With gun control measures stalled in Congress, Biden announces actions against gun violence.


President Biden, calling gun violence in the United States “an international embarrassment,” took a set of initial steps on Thursday to address the problem, starting with a crackdown on the proliferation of so-called ghost guns, or firearms assembled from kits.

Acknowledging that more aggressive actions like banning assault weapons and closing background check loopholes would have to wait for action from Congress, he said it was nonetheless vital to do what he could on his own to confront what he called an epidemic of shootings that are killing roughly 100 Americans a day.

“We’ve got a long way to go — it seems like we always have a long way to go,” Mr. Biden said during an appearance in the Rose Garden, weeks after two mass shootings.

The most substantive of the steps was directing the Justice Department to curb the spread of ghost guns. Kits for these guns can be bought without background checks and allow a gun to be assembled from pieces with no serial numbers.

Mr. Biden said he wanted the department to issue a regulation within a month to require that the components in the kits have serial numbers that would allow them to be traced and that the weapons be legally classified as firearms, with the buyers subjected to background checks.

“I want to see these kits treated as firearms under the gun control act,” Mr. Biden said.

Ghost guns, experts said, have become particularly appealing to criminal organizations and right wing extremists who want untraceable firearms that do not require any background checks. They are often tied to shootings in states like California, which have instituted strict gun laws.

The president on Thursday outlined several other actions he was taking on his own. He said he would require that when a device known as a stabilizing brace effectively transforms a pistol into a short-barrel rifle, that weapon would be subject to the requirements of the National Firearms Act. That would subject those guns to extra layers of regulation required to own more serious firearms or silencers, including fingerprinting, a background check and a regular renewal of a license.

The gunman in the Boulder, Colo., shooting last month used a pistol with an arm brace, making it more stable and accurate, the president said.

Mr. Biden said the Justice Department would also publish model “red flag” legislation for states. The measure would allow police officers and family members to petition a court to temporarily remove firearms from people who may present a danger to themselves or others.

While the president cannot pass national red flag legislation without Congress, officials said the goal of the guidance was to make it easier for states that want to adopt it to do so now.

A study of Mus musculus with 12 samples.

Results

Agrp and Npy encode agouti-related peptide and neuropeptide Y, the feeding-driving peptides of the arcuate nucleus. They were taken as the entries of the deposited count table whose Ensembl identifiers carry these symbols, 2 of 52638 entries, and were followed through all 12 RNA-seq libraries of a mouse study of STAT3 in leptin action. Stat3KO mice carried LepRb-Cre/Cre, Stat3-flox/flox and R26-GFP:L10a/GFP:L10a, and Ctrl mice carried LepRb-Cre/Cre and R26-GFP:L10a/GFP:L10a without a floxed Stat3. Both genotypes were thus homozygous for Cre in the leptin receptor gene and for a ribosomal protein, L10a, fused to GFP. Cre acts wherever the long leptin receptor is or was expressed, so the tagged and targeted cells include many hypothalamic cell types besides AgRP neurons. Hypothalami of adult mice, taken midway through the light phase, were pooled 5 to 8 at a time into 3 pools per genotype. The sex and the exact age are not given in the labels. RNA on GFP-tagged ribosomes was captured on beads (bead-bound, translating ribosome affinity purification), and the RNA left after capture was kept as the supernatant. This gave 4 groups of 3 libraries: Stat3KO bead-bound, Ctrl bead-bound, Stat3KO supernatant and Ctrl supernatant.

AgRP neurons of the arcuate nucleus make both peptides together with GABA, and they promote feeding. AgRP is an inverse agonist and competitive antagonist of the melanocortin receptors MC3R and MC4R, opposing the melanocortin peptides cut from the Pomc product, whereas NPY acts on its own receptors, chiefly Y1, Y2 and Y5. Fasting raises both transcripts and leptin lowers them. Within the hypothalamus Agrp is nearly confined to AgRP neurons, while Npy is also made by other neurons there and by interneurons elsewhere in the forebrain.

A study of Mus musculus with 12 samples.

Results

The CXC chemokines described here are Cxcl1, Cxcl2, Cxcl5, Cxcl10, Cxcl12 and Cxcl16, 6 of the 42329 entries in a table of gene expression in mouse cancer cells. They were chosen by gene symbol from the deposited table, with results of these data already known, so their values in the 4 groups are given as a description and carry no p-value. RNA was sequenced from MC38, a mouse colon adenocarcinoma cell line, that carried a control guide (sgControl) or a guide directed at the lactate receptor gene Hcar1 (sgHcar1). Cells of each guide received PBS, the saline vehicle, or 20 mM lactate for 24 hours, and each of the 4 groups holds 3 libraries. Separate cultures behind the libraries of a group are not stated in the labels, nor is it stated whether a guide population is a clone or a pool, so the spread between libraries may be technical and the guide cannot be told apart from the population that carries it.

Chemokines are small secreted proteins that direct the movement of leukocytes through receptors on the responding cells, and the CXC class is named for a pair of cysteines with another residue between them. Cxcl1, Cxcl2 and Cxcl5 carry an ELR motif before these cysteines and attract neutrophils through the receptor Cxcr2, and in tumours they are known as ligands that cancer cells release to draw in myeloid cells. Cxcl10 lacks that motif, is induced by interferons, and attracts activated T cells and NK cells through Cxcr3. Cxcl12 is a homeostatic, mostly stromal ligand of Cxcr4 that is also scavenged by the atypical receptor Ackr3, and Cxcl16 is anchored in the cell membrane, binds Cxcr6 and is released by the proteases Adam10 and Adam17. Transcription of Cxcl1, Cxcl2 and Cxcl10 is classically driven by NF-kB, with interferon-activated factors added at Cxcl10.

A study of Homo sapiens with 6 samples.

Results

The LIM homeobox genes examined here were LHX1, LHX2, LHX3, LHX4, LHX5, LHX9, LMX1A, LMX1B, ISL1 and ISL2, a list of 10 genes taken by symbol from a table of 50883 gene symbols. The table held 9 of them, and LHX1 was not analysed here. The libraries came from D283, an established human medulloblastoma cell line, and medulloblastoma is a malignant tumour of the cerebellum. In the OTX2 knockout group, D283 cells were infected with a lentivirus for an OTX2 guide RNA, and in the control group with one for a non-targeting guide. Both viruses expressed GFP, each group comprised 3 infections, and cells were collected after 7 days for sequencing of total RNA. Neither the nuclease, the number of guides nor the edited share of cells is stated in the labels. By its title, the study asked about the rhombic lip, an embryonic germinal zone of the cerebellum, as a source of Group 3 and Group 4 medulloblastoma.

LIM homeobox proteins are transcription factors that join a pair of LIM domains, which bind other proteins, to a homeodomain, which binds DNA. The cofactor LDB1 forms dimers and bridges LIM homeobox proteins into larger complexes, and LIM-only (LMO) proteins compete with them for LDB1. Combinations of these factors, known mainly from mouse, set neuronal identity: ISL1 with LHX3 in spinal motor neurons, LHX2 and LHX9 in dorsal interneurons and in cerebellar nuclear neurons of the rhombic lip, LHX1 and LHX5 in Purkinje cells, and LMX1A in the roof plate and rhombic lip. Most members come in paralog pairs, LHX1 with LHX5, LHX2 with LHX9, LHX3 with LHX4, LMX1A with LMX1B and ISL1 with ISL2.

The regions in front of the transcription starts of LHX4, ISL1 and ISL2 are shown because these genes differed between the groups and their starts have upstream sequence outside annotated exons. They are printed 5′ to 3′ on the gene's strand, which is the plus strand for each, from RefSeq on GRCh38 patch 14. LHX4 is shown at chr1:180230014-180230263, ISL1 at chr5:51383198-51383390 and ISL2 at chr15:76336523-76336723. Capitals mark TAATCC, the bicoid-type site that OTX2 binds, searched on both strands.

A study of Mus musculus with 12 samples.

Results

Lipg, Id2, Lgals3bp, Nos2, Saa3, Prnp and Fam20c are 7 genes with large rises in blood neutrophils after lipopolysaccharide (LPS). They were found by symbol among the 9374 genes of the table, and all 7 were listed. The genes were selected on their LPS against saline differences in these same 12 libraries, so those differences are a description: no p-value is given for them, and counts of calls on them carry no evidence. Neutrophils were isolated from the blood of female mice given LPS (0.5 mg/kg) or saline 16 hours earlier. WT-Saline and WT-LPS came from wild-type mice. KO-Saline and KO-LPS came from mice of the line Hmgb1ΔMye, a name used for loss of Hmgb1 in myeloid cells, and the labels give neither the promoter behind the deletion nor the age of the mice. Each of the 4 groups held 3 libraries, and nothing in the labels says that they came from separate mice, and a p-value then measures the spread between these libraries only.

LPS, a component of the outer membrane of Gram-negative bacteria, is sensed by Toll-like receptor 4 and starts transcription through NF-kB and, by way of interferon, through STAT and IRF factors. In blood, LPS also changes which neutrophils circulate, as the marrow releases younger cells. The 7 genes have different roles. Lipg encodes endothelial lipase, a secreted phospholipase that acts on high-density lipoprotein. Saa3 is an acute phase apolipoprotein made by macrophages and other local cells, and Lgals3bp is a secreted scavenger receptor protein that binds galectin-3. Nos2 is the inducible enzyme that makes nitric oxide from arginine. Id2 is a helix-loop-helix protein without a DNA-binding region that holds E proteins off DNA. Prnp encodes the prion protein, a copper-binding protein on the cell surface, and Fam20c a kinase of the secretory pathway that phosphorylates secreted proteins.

“Red flag laws can stop mass shooters before they can act out their violent plans,” Mr. Biden said, adding that he wanted to see a national law.

Outside of mass shootings, gun violence remains the leading cause of death for Black men between the ages of 15 and 34, Mr. Biden said in his remarks, noting that additional funding he has proposed for community violence programs can save lives.

The initiatives announced Thursday do not match in scope his commitment to the issue over the course of his career, particularly his time as a senator. In 1993, Mr. Biden played a key role in the passage of the landmark Brady Handgun Violence Prevention Act. A year later, he helped authorize a 10-year ban on assault weapons.

Mr. Biden acknowledged there is only so much he can do without Congress. “This is just a start,” he said. “We have a lot of work to do.”

The House passed two gun control bills last month, but they are languishing in the Senate in the face of the chamber’s 60-vote threshold for passing most legislation, which requires the support of at least 10 Republicans. Mr. Biden called on the Senate to take action.

Mr. Biden also announced his nomination of David Chipman, a gun control advocate, to lead the Bureau of Alcohol, Tobacco, Firearms and Explosives. The bureau has not had a permanent director since 2015.

While Mr. Chipman’s selection came as welcome news to gun control groups, few nominees put forward by Mr. Biden have faced steeper odds of confirmation in the Senate. Still, his allies think he may be able to win narrow approval given the anguish over recent shootings.

In 2006, lawmakers allied with the National Rifle Association enacted a provision making the position of A.T.F. director, which had previously been a political appointment, subject to Senate confirmation. As a result, only one director, Obama nominee B. Todd Jones, has been confirmed over the last 15 years.